AUBURN, Ala. — In his typical understated fashion, Gus Malzahn said Auburn’s 10-game losing skid in the Southeastern Conference didn’t bother him one bit.
He hasn’t thought about it. He hasn’t lost any sleep over it. He hasn’t even talked about last year with the team.
All of that is easy for him to say, of course.
While the Tigers were in the midst of one of the worst seasons in school history, Malzahn was 400 miles away, busy winning games and (eventually) a Sun Belt Conference title with Arkansas State.
So forgive Auburn’s players who suffered through last season’s meltdown for not sharing Malzahn’s indifference.
“It’s A New Day” can only do so much — and it doesn’t do nearly enough when talk of the team’s double-digit winless streak in conference play surfaces.
Just ask LaDarius Owens. The junior defensive end was elated with the reaction of Auburn’s fans after last week’s 38-9 win over Arkansas State. Countless supporters approached him afterward, expressing the joy that accompanies a successful outing.
But it’s a feeling Auburn hasn’t had versus a conference opponent since Oct. 29, 2011, when it beat Ole Miss 41-23 at home.
Nearly two years and 10 consecutive SEC defeats later, Owens hopes to alter the ongoing narrative this weekend.
“We put (the fans) and ourselves through a lot of turmoil last year, a lot of trouble,” Owens said. “We want to get a win for us as well as for our fans. They deserve it.”
Smartly, Auburn is treating Saturday’s game against Mississippi State far differently than its first two contests this year. Yes, both were important for confidence-building purposes as well as to start developing some semblance of an identity for the team. Obviously, neither of those games had any bearing on the SEC race.
Auburn can beat its other non-conference foes (Western Carolina and Florida Atlantic) and surpass last year’s win total with ease.
If the Tigers are going to silence doubters and live up to their own expectations as the country’s best one-year reclamation project, however, they know it begins and ends with their conference performance.
“Every game counts, but this (decides) if we go to the SEC championship and how far our season will go,” junior running back Tre Mason said. “You have to be locked in and ready to play.”
For Mason and the rest of Auburn’s running backs, that won’t be an issue.
Mason, Cameron Artis-Payne and Corey Grant proved they’ve been in midseason form since the opener. They didn’t do anything to change that last week, either; in fact, the ground game got a boost in the form of Nick Marshall, who finally started to flash some of running ability he had been known for in high school and junior college.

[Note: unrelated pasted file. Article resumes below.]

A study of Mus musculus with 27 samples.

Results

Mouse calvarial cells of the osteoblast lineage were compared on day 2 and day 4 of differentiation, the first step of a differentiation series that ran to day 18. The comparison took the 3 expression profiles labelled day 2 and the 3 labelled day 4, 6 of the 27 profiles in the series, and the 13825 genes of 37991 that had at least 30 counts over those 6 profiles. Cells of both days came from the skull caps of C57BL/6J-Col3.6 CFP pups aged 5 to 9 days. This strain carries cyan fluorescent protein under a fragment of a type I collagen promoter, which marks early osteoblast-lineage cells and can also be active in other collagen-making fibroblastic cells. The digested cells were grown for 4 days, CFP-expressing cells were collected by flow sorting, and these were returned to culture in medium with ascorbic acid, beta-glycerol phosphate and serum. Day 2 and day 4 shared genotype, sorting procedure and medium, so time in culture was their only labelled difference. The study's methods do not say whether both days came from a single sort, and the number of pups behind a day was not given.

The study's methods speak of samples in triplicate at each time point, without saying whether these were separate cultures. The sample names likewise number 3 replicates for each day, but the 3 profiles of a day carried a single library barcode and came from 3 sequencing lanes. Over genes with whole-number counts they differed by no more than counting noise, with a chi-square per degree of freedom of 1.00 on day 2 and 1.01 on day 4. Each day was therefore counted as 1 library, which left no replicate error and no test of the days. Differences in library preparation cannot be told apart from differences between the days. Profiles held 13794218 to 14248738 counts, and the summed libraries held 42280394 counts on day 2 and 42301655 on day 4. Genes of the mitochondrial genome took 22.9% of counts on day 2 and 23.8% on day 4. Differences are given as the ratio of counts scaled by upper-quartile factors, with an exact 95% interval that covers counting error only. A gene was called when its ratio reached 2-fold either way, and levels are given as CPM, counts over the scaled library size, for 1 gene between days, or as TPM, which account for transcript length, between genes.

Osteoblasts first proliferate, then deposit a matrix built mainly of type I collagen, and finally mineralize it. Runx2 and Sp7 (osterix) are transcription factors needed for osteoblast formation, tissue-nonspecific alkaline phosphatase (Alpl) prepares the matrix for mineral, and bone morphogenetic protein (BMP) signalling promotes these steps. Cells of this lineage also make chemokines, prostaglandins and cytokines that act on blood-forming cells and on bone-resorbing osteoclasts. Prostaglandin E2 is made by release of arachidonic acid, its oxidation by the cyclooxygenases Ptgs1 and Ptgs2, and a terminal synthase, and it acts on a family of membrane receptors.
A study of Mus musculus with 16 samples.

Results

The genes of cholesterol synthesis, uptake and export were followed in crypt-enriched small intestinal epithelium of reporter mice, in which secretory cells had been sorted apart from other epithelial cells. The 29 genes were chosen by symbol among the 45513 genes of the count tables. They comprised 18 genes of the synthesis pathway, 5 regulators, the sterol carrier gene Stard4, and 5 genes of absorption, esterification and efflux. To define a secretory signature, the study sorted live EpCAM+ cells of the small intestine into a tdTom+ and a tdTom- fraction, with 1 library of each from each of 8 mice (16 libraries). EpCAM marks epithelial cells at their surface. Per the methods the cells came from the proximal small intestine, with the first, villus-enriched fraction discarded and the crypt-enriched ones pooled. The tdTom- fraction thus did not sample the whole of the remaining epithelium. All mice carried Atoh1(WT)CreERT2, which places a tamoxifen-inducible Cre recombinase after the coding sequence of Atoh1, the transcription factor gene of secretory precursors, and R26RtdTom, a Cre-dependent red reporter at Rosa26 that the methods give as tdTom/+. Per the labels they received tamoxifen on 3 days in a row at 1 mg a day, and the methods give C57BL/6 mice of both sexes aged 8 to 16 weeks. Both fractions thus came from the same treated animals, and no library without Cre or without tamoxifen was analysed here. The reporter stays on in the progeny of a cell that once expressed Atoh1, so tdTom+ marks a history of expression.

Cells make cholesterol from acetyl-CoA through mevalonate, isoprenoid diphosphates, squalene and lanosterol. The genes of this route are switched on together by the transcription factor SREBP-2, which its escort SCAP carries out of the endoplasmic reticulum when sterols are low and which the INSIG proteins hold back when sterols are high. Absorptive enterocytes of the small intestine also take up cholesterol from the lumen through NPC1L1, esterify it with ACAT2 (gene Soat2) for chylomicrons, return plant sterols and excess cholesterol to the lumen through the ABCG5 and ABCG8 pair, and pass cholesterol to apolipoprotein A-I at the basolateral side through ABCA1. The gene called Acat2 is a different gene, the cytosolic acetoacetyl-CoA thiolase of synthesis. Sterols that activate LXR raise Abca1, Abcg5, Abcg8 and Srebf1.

To say Auburn is anxiously awaiting its chance to run the ball against Mississippi State’s defense — which gave up 286 yards to Oklahoma State in the season opener — is merely stating the obvious.
Not that anyone affiliated with the Tigers has gone ahead and put a ‘W’ down for this Saturday. All one has to do to expose the folly in that is reference last year’s matchup. The Bulldogs won 28-10 in Starkville, Miss., in a game where the final score wasn’t an accurate telling of the affair. The Tigers’ lone touchdown came on a kickoff return by Onterio McCalebb to open the second half, giving the visitors a fleeting 10-7 lead. That score made up for an offense that seemingly couldn’t get out of its own way, with the blame squarely on the shoulders of Kiehl Frazier, the former quarterback who accounted for five turnovers (three interceptions and two fumbles) by himself.
That was once an oft-cited criticism of Marshall, he of the 20 interceptions in junior college last season. Through two games this year, he has none. (On the flip side, he has two touchdown passes, which both came last week.)
Auburn’s record, perhaps not coincidentally, mirrors Marshall’s touchdown-to-interception total: 2-0.
To make that 3-0 this weekend, Marshall will have to continue to protect the ball and make further strides in the passing game, lest Auburn be rendered one-dimensional. The defense has areas to shore up as well, specifically cutting down on the yardage and first downs it allows.
With that in mind, it wasn’t any surprise to hear Malzahn say the Tigers can’t expect to win Saturday with anything less than a near-perfect effort.
“I think our more experienced guys understand that,” he said. “We play in the best league in college football and any time you play an opponent, you've got to have your best.”
And a flawless showing is especially important when you enter Saturday on a 10-game schneid to teams in the same league. Remember that statistic? The one Malzahn brushed aside so easily?
Something says his attitude will change if the losing streak hits 11.